The budget for performance related pay for senior civil servants for 2010/11 will be reduced by two thirds, delivering savings of around £15 million. Only the top 25% of performers will receive a bonus so that in future only those making an exceptional contribution will be rewarded.
Prime Minister David Cameron said:
The first task for us as a new government is to get on with the difficult job of tackling our country’s record budget deficit straight away. I believe that to do this we need to lead from the front. That’s why last week the Cabinet and I agreed to take a five per cent pay cut.
Now we need senior civil servants to join us in showing leadership as we reduce the deficit, while protecting the vital public services on which we all rely. We all need to take responsibility if we are to overcome the problems this country faces.
The Prime Minister is writing to all senior civil servants thanking them for their help in securing the smooth transition and setting out the need to accept the tighter restriction on the number of bonuses paid out.
Minister for the Cabinet Office Francis Maude said:
The government highly values the professionalism and contribution that civil servants make to deliver excellent public services. But given the economic challenges this country faces it is right that the most highly paid civil servants play their part in reducing the public sector pay bill.
Our next step is to ask the Cabinet Secretary, as head of the Home Civil Service, to review the overall performance and appraisal process. An effective system will reward the best performers and provide the right incentives for all to get the best for the taxpayer. We want to see a more consistent and streamlined system where bonuses are only awarded to those senior civil servants who have performed exceptionally well in achieving their department’s objectives. There is no place in the modern civil service for a presumption of good performance. Rewards must be earned through excellence assessed through a hard-headed and objective appraisal process.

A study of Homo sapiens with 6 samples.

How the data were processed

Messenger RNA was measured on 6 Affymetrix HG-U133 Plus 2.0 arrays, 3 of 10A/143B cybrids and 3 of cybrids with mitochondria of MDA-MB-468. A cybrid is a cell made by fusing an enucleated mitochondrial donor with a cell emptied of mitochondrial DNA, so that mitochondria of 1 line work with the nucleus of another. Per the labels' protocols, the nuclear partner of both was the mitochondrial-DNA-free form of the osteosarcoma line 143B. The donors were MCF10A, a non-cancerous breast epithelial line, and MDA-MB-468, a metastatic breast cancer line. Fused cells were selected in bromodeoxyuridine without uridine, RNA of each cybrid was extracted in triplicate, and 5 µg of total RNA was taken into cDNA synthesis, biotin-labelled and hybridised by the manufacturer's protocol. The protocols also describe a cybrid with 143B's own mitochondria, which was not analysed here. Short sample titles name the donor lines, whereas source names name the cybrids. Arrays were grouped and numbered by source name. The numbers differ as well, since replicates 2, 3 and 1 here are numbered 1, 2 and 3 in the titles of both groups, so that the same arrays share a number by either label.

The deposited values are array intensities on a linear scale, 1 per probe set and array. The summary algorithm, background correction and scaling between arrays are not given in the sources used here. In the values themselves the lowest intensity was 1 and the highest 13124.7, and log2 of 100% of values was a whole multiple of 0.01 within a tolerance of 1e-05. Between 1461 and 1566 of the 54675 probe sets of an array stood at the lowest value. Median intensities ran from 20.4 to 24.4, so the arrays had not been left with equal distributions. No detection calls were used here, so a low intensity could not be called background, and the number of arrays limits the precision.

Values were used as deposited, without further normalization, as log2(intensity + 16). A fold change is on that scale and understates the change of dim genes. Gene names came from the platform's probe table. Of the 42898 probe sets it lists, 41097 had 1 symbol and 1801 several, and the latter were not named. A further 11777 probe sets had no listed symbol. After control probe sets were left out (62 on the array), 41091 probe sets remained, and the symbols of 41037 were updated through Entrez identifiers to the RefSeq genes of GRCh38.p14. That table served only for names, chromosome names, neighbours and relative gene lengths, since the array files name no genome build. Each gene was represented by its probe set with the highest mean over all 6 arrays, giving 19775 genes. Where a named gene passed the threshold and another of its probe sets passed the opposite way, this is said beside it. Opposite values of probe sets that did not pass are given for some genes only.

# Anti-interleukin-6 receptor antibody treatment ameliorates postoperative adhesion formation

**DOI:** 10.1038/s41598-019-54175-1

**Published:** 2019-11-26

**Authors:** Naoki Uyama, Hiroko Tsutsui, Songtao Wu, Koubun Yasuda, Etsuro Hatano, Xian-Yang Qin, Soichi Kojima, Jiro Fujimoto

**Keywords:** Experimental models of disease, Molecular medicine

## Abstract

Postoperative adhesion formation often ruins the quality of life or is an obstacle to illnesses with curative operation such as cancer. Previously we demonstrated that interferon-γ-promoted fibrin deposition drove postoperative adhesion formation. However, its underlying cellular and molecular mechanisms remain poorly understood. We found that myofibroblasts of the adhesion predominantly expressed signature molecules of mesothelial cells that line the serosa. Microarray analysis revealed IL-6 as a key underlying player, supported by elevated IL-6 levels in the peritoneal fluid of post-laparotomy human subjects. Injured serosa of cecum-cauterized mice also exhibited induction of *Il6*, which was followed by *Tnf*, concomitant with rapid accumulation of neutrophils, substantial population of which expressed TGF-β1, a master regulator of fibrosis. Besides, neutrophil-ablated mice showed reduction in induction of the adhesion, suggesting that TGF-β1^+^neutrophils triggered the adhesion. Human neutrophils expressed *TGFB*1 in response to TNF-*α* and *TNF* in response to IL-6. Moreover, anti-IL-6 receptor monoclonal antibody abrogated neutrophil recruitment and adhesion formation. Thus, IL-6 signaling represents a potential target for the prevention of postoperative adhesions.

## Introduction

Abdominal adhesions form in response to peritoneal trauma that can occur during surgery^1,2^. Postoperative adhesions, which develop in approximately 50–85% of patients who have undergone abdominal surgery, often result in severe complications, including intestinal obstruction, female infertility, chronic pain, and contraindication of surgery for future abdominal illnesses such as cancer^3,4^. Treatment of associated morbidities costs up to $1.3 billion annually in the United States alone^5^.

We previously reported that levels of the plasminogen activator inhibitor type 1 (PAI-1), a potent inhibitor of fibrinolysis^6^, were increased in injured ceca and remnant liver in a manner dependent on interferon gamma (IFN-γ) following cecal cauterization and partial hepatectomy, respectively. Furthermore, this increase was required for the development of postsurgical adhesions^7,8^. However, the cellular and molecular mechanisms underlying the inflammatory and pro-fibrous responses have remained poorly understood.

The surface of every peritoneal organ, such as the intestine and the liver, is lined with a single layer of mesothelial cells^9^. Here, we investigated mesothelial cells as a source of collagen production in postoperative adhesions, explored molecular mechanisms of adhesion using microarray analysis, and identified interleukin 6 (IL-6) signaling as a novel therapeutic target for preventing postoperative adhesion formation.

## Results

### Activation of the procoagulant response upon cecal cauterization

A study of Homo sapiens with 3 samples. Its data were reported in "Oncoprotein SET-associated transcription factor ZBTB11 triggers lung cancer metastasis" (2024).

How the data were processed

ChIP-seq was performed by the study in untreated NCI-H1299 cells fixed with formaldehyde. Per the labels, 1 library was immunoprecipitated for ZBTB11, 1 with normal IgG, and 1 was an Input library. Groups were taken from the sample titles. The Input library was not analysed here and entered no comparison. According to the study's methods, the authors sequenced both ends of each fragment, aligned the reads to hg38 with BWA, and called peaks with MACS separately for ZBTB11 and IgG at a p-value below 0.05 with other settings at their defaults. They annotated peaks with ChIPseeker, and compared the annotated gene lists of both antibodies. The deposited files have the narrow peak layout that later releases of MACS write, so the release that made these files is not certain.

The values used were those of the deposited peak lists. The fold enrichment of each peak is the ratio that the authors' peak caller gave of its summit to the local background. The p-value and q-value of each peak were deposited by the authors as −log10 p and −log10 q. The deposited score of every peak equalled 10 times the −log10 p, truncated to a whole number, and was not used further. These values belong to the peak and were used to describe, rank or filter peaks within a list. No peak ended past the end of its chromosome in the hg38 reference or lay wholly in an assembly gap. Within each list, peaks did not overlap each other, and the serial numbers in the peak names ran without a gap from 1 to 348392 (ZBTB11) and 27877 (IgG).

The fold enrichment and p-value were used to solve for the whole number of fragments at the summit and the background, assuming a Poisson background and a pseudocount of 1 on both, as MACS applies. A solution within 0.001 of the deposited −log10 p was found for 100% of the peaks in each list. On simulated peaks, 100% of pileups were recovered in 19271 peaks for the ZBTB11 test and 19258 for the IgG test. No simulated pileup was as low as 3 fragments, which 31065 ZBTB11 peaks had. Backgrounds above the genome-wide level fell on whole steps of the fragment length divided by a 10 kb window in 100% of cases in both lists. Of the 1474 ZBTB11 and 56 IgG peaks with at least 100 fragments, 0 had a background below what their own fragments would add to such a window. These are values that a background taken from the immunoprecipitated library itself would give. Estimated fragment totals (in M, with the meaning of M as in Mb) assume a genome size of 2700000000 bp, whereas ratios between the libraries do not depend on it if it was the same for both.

Notes for Editors
- There are currently around 4,200 people employed in the Senior Civil Service (SCS) and 1,100 NHS senior managers. Restricting performance related pay to the top 25% of these will mean around 1,700 SCS and 450 NHS senior managers - who are not in the highest performance categories - will not receive bonuses which will deliver savings of around £15m.
- The SCS pay system includes a “pot”, currently 8.6% of the total amount spent on base pay, used to reward the strongest performers each year. These payments are not pensionable and the top performers in each department receive varying levels of award linked directly to their achievements against demanding personal objectives. In the last year, no more than the top 65% of SCS were eligible for such an award. This money has to be re-earned each year and so allows the Government to reward staff for their achievements without creating future pay or pension commitments. It also allows the effective rewarding of achievement and delivery rather than time served.
- The average bonus payment for a Director General in the SCS was £12,700 in 2008/09, whilst NHS senior managers can receive up to 7% of their salary.
- Last year 2,933 SCS and 850 NHS senior managers received bonuses at a total cost of £35m.
- The total SCS wage bill was around £500m and £150m in 09-10 for senior NHS managers.
- It has already been agreed that SCS and NHS senior managers will receive no headline pay increase in 2010/11. Now, the Government is reducing the total number eligible for bonuses in relation to 2010/11.
- For details about the SCS contact the Cabinet Office press office and for NHS managers contact the Department of Health press office.
- The PM announced on Thursday 13 May that he, the Cabinet and all Ministers would take a five per cent pay cut; a decision made at the first Cabinet meeting of the new Government.
- For Cabinet Office press office contact details, visit the press office page.